Tinsel Wing

Wednesday, September 13, 2006

I love a Parade

Back in 2003, Wilton Sekzer, a retired NYC cop, wanted the country to go to war with Iraq so bad he could taste it. The President had told him, again and again, that Saddam was the guy who had ordered his son killed, along with over 2,000 others, that day in the twin towers. And Sekzer wanted vengeance.

In answer to his anguished appeal, one company after another painted his lost son's name on the missiles that they rained on Iraq. A little memento for his child's killers. It didn't end the pain, but it felt good; it was at least a kind of recognition.
Months later, I was watching TV when President Bush came on and said he didn’t know why people connected Iraq to 9/11. He said: “We’ve had no evidence that Saddam Hussein was involved with the September 11th [attacks].” I said, “What did he just say?” I mean, I almost jumped out of my chair. I said, “What is he talking about? What the hell did we go in there for? If Saddam didn’t have anything to do with 9/11, then why did we go in there?”

I’m from the old school. Certain people walk on water. The President of the United States is one of them. It’s a terrible thing if someone like me can’t trust his President. I began to wonder what the hell’s with the whole system. There’s something wrong with the entire system.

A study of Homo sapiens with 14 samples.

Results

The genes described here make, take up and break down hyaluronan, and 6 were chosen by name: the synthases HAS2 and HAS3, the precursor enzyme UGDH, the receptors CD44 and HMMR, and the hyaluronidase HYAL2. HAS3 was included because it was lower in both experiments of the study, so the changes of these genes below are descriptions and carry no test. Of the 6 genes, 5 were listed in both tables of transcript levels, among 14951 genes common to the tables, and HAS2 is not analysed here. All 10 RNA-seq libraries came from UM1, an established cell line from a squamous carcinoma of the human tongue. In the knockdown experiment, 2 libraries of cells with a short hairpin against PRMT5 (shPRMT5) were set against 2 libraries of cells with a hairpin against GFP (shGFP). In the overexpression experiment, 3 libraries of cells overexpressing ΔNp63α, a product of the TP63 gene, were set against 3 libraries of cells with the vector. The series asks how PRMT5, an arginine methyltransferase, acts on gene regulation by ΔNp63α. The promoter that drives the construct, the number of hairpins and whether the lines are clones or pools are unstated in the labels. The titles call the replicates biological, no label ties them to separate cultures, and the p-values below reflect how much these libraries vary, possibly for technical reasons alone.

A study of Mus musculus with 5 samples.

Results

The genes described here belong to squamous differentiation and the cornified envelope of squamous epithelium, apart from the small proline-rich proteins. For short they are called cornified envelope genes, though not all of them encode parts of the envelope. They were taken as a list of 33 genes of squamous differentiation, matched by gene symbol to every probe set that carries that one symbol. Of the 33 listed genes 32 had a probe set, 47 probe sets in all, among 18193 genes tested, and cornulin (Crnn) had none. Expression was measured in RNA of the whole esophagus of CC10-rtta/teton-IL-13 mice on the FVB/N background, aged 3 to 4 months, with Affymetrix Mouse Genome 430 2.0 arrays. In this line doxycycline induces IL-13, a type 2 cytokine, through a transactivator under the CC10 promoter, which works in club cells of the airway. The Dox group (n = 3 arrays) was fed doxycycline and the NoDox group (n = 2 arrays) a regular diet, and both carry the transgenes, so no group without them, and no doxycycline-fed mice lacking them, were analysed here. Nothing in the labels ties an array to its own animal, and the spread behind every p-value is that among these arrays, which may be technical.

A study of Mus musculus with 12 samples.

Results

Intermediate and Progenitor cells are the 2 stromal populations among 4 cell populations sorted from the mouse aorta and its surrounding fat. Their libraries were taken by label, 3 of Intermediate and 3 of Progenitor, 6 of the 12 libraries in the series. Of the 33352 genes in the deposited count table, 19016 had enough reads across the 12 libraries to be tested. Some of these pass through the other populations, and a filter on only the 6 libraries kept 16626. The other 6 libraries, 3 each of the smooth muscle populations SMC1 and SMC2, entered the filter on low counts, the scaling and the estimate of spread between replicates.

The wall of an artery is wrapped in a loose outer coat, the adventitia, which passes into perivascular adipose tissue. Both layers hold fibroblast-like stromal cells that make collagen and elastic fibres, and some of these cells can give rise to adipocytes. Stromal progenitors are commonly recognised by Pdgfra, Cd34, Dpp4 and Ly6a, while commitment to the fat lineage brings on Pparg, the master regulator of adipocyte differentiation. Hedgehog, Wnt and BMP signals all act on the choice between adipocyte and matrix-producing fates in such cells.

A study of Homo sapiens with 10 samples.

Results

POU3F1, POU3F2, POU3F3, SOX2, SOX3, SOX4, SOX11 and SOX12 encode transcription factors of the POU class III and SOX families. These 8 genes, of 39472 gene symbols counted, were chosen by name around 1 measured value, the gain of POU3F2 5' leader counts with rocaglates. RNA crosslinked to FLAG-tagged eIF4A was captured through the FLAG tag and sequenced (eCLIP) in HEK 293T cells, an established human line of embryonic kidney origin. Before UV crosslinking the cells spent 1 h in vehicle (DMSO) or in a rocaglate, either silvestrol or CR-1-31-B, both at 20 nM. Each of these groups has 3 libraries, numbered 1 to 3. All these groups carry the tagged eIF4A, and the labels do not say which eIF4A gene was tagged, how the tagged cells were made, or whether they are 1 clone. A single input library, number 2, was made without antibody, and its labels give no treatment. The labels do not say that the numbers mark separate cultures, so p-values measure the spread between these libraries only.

I feel that the government exploited my feelings of patriotism. But I was so insane with wanting to get even, I was willing to believe anything.

Sekzer got to tell his story, and it became a centerpiece of the hard-hitting antiwar documentary Why We Fight.

Now the astonishing part: the quote above is from his account in this week's Parade magazine. Distributed along with hundreds of different Sunday newspaper outlets, Parade has always displayed a political sensibility only a shade less to the right than Reader's Digest. It defines the sensibilities of the marginally political center right of Middle America. When George W. Bush is called to account in its pages for the deceit by which he dragged these United States into this unholy war - when it is not embarrassed to call as its witness the star of a lefty documentary - there has been a seismic shift in the nation's willingness to accept reality and demand responsibility.

Friends, the worm at last is turning. Or, is it a worm exactly? That familiar banner flying above it reads, "Don't tread on me".